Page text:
MPs are currently debating and will today vote on amendments to the Data Protection Bill that are designed to muzzle the free press. Around 90 per cent of publications have decided not to register with the state approved regulator, IMPRESS. There are many reasons for this, one being that IMPRESS is largely bankrolled (through two trusts) by free press hater Max Mosley. But the main reason is because the state should not have a say in regulating newspapers. 

As a result, 90 per cent of publications have decided to register with IPSO - a self-regulatory body that has the power to order retractions and impose fines. The fact that IPSO is not state approved is important to remember when considering the amendment from Deputy Labour Leader, Tom Watson.

From the Press Gazette:

"MPs will vote tomorrow [today] on an amendment to the Data Protection Bill tabled by former Labour leader Ed Miliband, which would establish a broad new statutory inquiry into data protection issues in the media after the Government scrapped the second part of the Leveson inquiry.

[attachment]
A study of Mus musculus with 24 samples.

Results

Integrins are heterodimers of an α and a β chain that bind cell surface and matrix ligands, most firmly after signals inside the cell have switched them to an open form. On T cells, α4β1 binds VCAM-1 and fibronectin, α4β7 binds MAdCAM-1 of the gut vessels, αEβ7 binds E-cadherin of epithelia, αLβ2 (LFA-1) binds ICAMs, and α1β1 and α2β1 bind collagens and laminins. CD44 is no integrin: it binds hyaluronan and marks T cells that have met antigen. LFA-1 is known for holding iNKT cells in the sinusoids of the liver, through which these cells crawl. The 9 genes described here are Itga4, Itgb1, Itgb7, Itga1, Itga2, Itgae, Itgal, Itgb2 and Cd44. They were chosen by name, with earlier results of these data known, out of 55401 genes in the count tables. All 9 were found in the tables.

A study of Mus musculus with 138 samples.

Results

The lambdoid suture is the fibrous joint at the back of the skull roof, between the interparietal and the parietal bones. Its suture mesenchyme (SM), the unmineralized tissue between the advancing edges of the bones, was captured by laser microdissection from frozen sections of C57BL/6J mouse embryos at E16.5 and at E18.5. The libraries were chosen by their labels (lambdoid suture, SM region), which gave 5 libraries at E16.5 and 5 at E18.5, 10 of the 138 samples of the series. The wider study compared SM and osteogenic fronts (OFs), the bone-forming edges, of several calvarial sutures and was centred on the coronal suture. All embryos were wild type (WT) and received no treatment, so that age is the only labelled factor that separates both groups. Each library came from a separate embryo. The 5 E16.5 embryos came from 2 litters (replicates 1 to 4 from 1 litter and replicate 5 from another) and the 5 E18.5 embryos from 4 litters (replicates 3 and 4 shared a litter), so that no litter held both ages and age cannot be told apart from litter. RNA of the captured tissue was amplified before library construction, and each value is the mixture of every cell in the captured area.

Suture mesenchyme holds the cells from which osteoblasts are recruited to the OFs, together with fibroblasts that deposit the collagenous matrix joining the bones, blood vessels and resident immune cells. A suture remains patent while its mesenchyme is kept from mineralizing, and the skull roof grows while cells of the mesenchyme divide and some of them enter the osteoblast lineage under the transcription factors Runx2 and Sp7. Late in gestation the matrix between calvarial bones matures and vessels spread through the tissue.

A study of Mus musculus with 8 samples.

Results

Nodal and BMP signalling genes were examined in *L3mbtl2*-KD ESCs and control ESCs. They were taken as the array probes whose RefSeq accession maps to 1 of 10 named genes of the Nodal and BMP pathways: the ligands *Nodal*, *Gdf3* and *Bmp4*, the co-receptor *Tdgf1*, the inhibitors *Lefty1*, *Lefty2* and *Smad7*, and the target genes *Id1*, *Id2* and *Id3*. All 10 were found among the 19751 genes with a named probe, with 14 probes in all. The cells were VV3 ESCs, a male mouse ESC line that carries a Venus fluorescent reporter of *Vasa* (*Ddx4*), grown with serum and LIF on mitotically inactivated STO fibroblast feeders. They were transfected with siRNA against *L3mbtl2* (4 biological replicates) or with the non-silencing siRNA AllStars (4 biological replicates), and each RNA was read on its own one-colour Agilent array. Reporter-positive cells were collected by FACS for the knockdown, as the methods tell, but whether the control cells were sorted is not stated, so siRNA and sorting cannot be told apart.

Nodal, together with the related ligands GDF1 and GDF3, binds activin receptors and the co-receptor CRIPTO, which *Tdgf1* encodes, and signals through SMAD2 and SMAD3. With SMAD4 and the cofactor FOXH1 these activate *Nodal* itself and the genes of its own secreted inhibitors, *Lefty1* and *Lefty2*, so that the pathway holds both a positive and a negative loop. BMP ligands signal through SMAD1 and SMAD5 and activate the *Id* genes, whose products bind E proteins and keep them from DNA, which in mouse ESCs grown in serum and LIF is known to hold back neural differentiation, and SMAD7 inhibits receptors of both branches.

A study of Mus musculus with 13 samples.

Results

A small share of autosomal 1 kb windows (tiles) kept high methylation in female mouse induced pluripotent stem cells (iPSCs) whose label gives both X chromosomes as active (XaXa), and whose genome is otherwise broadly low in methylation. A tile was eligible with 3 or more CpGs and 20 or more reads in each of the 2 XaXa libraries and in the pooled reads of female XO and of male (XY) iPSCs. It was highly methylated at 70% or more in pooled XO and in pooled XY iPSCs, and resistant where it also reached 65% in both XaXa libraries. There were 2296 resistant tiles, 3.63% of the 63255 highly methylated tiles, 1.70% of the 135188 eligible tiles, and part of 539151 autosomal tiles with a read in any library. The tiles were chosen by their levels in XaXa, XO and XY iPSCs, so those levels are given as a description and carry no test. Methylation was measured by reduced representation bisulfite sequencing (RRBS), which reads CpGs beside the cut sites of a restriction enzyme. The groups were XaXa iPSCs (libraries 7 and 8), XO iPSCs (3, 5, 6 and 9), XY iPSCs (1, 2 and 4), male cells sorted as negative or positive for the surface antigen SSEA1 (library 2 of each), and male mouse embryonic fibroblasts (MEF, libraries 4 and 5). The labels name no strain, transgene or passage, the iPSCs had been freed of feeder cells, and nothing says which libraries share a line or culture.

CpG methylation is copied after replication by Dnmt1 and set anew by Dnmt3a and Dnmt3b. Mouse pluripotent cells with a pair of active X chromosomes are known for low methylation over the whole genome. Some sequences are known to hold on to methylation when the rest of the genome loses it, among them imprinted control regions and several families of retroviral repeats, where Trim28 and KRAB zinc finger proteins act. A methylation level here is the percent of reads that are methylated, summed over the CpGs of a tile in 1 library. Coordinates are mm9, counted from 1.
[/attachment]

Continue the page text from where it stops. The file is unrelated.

"They will also vote on a separate amendment by deputy Labour leader Tom Watson proposing Section 40-style costs sanctions which would require publishers to pay all the claimants’ costs of legal action brought against them, win or lose, unless they are signed up to a state-backed regulator."

Just to make this clear, if someone sues a newspaper for libel, the newspaper must pay the full costs irrespective of the verdict. If MPs vote in favour of Watson's amendment, it would be open season. if I didn't like a story about me in my local newspaper, I could bankrupt it. The story may not be libellous, but that doesn't matter. They would have to pay my costs - win or lose. 

As for Miliband's amendment, this is just another attempt to muzzle the free press. He may have personal axes to grind with certain publications, but that is not a reason to launch another inquiry.

UPDATE: 17:00. Leveson 2 was defeated by nine votes, and Watson didn't move his amendment. A victory for the free press. 

Watch Jacob Rees Mogg's speech from this afternoon.